Many people were expecting the US Federal Reserve to raise interest rates this month.
But what caught them and stock markets around the world by surprise was the Fed saying it would likely raise the interest rates another three times next year.
Considering that the Fed had raised them twice since 2006, the announcement was indeed a surprise.
But surprises seem to be the new norm.
Tycoon Donald Trump's stunning win in the US presidential election last month initially drew jitters of a possible stock market crash.
Instead, his conciliatory victory speech, which sparked expectations of him increasing fiscal spending to spur economic growth, was the catalyst for a global stock market rally.
The Straits Times Index (STI) has gained around 4 per cent since the election on Nov 8.
In light of these two "surprising" events, here are how three common investment products have reacted so far.
EXCHANGE-TRADED FUND (ETF)
ETFs are investment funds listed and traded intraday on a stock exchange that provides exposure to international markets and asset classes that may be inaccessible to individual investors.
Most Asian equity markets slumped after the Fed's announcement, the Singapore Exchange (SGX) noted in a market update last week.
India was particularly badly hit - foreign investors have been trimming their holdings of Indian stocks since Prime Minister Narendra Modi's move last month to demonetise the country's high-denomination currency notes - 500 and 1,000 rupees.
Gold prices, which tend to move inversely against the US dollar, were also affected by the greenback's recent strength. They are heading for a sixth weekly decline and hovering at a 10-month low.
As a result, some of the most active ETFs on SGX in the December month-to-date were iShares MSCI India Index ETF and SPDR Gold Shares ETF.
US ETFs were previously in the spotlight in anticipation of the Fed's interest rates hikes, according to an SGX report on Dec 10.
Earlier this month, the db x-trackers S&P 500 Inverse Daily UCITS ETF was the most active, registering a 33-fold surge in turnover from the year-ago period.
REAL ESTATE INVESTMENT TRUST (REIT)
In theory, Singapore Reits are sensitive - like any other real estate investments - to rising interest rates as they leverage on debt to generate rental income.
The sector is also facing headwind as the Singapore economy is not doing well, and there is an oversupply in commercial office and industrial property, explained financial blogger and investment coach Kenny Loh, who specialises in Reits.
Due to mounting expectations of an interest rate hike, the SGX S-REIT Index has corrected by 5 per cent since its year-to-date peak in early September, SGX said in a market update last week.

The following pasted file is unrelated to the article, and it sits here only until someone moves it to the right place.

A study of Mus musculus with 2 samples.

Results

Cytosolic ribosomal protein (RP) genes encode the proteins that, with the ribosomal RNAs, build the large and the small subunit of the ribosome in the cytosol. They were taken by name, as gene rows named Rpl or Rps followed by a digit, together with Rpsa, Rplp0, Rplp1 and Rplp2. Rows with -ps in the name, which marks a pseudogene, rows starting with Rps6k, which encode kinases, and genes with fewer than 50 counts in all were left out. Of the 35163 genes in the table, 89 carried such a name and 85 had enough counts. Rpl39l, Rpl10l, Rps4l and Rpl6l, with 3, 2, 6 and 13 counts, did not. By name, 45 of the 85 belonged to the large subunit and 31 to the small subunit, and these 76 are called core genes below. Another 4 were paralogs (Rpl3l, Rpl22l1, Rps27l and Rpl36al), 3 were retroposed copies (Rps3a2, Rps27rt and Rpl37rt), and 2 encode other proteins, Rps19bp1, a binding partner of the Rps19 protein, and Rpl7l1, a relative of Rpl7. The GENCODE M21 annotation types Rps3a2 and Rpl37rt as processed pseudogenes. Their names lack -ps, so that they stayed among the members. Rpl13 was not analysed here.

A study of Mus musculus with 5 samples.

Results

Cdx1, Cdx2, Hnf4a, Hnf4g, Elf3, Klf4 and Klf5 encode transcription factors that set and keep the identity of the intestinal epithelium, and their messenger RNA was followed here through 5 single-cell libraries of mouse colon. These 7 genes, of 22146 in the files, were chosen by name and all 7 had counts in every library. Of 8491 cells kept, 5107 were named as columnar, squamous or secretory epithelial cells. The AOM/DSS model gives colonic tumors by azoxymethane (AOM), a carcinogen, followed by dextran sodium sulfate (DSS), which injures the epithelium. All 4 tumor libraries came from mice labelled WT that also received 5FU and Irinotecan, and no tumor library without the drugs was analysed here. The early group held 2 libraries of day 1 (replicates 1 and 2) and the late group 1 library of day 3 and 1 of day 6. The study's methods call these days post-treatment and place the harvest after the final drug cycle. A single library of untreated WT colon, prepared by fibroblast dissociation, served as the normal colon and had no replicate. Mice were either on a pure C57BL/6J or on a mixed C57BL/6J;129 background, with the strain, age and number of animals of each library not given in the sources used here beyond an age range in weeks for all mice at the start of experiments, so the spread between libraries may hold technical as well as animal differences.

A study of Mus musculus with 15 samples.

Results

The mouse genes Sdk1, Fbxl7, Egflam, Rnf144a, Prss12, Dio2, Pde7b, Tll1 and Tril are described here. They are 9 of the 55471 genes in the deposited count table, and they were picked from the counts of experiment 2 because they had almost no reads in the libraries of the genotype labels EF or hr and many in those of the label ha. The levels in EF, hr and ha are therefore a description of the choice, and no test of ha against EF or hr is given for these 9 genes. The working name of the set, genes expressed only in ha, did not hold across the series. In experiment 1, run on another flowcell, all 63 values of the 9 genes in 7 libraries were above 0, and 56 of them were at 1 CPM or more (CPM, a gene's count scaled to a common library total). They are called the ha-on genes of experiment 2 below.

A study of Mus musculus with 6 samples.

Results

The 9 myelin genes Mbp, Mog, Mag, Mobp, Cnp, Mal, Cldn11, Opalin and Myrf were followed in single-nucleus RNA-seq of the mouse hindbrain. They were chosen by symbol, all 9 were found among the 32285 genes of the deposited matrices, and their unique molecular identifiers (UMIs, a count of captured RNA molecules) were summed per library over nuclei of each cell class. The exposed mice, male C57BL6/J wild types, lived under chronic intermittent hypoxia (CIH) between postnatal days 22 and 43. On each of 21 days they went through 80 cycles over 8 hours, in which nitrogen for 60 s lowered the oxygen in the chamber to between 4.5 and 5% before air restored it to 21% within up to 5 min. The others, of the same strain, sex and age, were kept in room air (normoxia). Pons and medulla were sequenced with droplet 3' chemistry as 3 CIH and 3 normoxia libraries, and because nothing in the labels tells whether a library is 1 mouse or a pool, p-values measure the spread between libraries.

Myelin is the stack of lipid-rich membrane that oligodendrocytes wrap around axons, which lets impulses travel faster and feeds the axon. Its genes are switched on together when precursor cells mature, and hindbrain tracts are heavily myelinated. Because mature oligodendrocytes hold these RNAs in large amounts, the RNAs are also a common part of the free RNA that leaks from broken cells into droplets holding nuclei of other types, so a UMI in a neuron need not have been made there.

After the Fed's announcement, the sector did not see any knee-jerk reaction because the expectation had already been priced in, said Mr Loh.
He pointed out that not all sectors and Reits are facing challenges because some portfolios in the healthcare or industrial sectors are more defensive in nature.
OCBC analyst Deborah Ong recommended hospitality Reits because the current price levels are looking attractive for some of the Reits under coverage.
Her picks included Ascott Residence Trust and CDL Hospitality Trusts.
"In particular, OUE Hospitality Trust looks attractive to us, with anchor tenants Michael Kors and Victoria's Secret finally open at Mandarin Gallery, and the potential for increased contributions from Crowne Plaza Changi Airport following the opening of Terminal 4 in the second half of 2017," she said.
Mr Loh urged retail investors to understand their investment objective and do a risk profile first before deciding which Reit to invest in.
"Without understanding themselves, retail investors tend to be emotionally influenced by news and market volatility, and thus panic sell at the wrong time, which results in losing money in Reits."
Three currencies - the Malaysian ringgit, South Korean won and Singapore dollar - have led the decline against the US dollar when compared with levels prior to Mr Trump's victory, noted a report by IG Markets this week.
The Fed's rate signal triggered a renewed rise in US bond yields, boosting the dollar and stoking worries about the risk of capital outflows from emerging markets in Asia, reported Reuters on Monday.
The ringgit fell to its weakest level since the 1998 financial crisis, while the South Korean won hit a nearly six-month low on Monday.
The Singapore dollar sank to a near one-year low against the US dollar last week - right after the Fed raised interest rates.
Yesterday, it tumbled to its weakest in seven years - at about 5pm, the greenback was fetching 1.4444 Singapore dollars.
This article was first published on December 22, 2016.